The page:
Novel Writing 101


A friend of mine emailed me the other day and said she’s writing a novel–her first.

I applauded her. Writing a novel is one of her life dreams, and I believe she should go for it.

But she’s never written a novel before. She hasn’t attended any writer’s conferences or seminars, and she doesn’t hang out with a writing crowd.

So where should she start?

Well, she started by emailing me. She knows I’ve written some fiction, that I teach at writers’ conferences, and that my first novel won an award. So the assumption would be that I know at least more than my plumber about stuff like plot and character and other novel-ish things. She wasn’t going to rely on the opinion of her best friends (although I’m one of them). She wanted advice from a publishing professional–a good place to start.

So–because I was answering Teri at three in the morning–I immediately sent her my two top pointers. I’ll give you three in this post, with more to follow.

  • Listen to publishing professionals. Read their blogs: Michael Hyatt, Jeff Goins, Alton Gansky, Maria Keckler, and others. Subscribe to industry periodicals like Writers Digest and start acting like a writer if you plan to be one. That means studying the industry and the craft, like any other craft or profession. For instance, what specific genre are you writing in? What’s the average word count for that market? What are the current market trends for that genre? Who is your specific target audience?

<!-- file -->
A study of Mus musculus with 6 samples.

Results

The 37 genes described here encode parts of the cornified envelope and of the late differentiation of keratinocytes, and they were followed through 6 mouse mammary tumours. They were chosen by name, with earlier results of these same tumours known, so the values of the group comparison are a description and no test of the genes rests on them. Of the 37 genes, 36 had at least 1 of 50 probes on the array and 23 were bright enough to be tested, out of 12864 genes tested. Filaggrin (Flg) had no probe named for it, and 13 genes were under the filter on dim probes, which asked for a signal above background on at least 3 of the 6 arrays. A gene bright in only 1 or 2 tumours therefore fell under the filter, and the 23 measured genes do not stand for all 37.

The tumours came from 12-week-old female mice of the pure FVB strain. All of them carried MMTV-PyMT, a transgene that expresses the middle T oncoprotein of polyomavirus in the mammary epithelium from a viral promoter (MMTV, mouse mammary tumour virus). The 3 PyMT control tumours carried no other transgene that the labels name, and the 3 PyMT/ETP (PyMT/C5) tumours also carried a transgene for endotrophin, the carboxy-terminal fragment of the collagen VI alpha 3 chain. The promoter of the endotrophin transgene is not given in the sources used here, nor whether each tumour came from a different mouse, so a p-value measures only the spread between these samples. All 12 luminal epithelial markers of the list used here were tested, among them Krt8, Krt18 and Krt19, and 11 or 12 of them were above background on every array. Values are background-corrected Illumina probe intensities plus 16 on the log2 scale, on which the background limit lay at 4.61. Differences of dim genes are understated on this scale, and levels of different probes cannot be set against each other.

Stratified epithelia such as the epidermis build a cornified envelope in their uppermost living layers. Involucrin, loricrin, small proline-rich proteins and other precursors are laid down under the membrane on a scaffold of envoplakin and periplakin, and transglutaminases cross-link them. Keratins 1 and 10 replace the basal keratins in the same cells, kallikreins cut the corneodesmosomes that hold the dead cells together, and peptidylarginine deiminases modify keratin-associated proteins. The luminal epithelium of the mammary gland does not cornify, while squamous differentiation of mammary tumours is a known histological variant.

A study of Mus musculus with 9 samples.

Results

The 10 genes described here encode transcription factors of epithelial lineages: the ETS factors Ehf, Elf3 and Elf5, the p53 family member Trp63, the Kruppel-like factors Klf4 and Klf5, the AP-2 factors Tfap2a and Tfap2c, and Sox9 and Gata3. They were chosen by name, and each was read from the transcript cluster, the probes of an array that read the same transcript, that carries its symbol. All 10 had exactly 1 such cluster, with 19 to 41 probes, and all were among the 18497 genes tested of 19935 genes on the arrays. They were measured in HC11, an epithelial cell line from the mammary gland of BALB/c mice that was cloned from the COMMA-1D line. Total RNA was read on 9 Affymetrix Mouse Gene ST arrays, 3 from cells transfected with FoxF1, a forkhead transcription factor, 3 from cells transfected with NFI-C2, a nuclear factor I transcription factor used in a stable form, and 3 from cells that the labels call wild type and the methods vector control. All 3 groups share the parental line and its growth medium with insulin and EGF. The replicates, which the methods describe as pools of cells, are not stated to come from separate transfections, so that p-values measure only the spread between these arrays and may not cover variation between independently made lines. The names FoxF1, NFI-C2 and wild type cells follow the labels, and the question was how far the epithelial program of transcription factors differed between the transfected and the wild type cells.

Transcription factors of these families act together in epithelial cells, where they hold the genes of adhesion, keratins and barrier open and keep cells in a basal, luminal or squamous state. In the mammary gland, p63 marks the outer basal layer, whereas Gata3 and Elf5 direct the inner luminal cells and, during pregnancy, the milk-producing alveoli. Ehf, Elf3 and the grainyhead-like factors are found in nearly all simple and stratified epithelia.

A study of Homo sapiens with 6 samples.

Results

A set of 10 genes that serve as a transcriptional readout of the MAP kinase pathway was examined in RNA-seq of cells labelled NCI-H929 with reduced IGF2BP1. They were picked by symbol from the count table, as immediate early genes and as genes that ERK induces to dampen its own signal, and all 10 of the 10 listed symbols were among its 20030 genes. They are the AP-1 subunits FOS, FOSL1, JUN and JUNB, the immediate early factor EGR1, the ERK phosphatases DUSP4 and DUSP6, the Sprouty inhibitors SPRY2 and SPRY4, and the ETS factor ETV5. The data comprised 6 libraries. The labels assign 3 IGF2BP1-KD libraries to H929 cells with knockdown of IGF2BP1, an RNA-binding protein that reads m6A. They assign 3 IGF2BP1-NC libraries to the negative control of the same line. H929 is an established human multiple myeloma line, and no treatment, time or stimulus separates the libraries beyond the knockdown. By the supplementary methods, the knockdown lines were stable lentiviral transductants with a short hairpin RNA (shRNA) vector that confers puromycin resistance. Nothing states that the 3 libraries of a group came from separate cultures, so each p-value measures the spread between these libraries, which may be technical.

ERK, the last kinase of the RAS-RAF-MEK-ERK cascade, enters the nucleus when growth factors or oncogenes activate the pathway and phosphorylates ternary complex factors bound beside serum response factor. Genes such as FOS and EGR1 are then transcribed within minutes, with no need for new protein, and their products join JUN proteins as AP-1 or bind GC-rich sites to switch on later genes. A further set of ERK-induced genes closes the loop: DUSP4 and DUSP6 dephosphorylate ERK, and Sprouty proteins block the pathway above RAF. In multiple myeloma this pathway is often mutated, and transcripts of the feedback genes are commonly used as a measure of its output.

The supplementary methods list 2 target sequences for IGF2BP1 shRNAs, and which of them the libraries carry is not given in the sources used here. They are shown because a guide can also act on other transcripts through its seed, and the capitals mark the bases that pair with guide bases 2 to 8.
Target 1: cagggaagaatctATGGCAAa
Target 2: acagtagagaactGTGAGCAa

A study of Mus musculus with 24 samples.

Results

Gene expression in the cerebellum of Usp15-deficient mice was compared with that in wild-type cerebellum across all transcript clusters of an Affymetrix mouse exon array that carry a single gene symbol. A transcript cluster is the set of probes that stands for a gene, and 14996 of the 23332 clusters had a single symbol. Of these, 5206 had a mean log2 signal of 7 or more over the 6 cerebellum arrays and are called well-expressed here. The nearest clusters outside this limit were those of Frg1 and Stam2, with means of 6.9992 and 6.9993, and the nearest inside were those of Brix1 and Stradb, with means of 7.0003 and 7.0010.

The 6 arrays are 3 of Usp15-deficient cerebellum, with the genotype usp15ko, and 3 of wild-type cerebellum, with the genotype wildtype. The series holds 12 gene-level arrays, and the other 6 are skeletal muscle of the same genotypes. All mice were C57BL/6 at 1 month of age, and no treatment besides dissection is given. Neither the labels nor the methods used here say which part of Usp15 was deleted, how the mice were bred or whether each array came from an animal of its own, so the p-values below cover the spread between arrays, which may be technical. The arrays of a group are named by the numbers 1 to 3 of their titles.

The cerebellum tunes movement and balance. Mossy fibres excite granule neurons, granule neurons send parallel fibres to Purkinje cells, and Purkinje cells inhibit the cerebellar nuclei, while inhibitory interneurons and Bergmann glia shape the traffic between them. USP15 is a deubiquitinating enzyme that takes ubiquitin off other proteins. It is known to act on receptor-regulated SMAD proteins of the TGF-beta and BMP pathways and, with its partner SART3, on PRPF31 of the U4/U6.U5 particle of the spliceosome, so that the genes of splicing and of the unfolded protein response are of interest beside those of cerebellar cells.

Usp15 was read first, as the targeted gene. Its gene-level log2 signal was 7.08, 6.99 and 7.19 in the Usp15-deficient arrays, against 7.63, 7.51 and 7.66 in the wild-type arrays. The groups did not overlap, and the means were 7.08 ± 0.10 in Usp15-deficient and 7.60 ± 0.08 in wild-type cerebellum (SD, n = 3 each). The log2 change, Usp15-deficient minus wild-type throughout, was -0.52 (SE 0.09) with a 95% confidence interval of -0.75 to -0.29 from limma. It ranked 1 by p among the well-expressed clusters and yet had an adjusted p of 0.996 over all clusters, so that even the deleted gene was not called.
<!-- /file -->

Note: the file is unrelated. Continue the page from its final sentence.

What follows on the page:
• Study the craft. Learn about point of view, plot, characterization, pacing, dialogue, theme, and setting. Know the rules of grammar and punctuation. Study formats for book proposals, and learn how to write a great marketing plan. Be willing to dive into social media, if you  haven’t already.
  • Build your platform. Writing your book is only one small part of the publishing picture. Today, publishers expect you to partner with them in to sell your book. “Platform” is your marketing influence–the number of people who know your name and who could be influenced to purchase your book. Platform includes the number of people who follow you on Facebook and Twitter or other Internet sites and who you speak to at conferences. It includes your credentials as an “expert.”  My friend Teri has been a caregiver for her husband for a number of years and has a growing platform as an “expert” in that field as she publishes articles and does research in that area. It takes time and patience to grow your platform, and newbie writers should begin doing it long before they begin pitching their first book.

So what’s YOUR advice for first-time novelists? Share it here. And I’d love to send along a signed copy of my award-winning novel Hallie’s Heart to the first person who shares advice from their favorite novelist about their journey as a writer.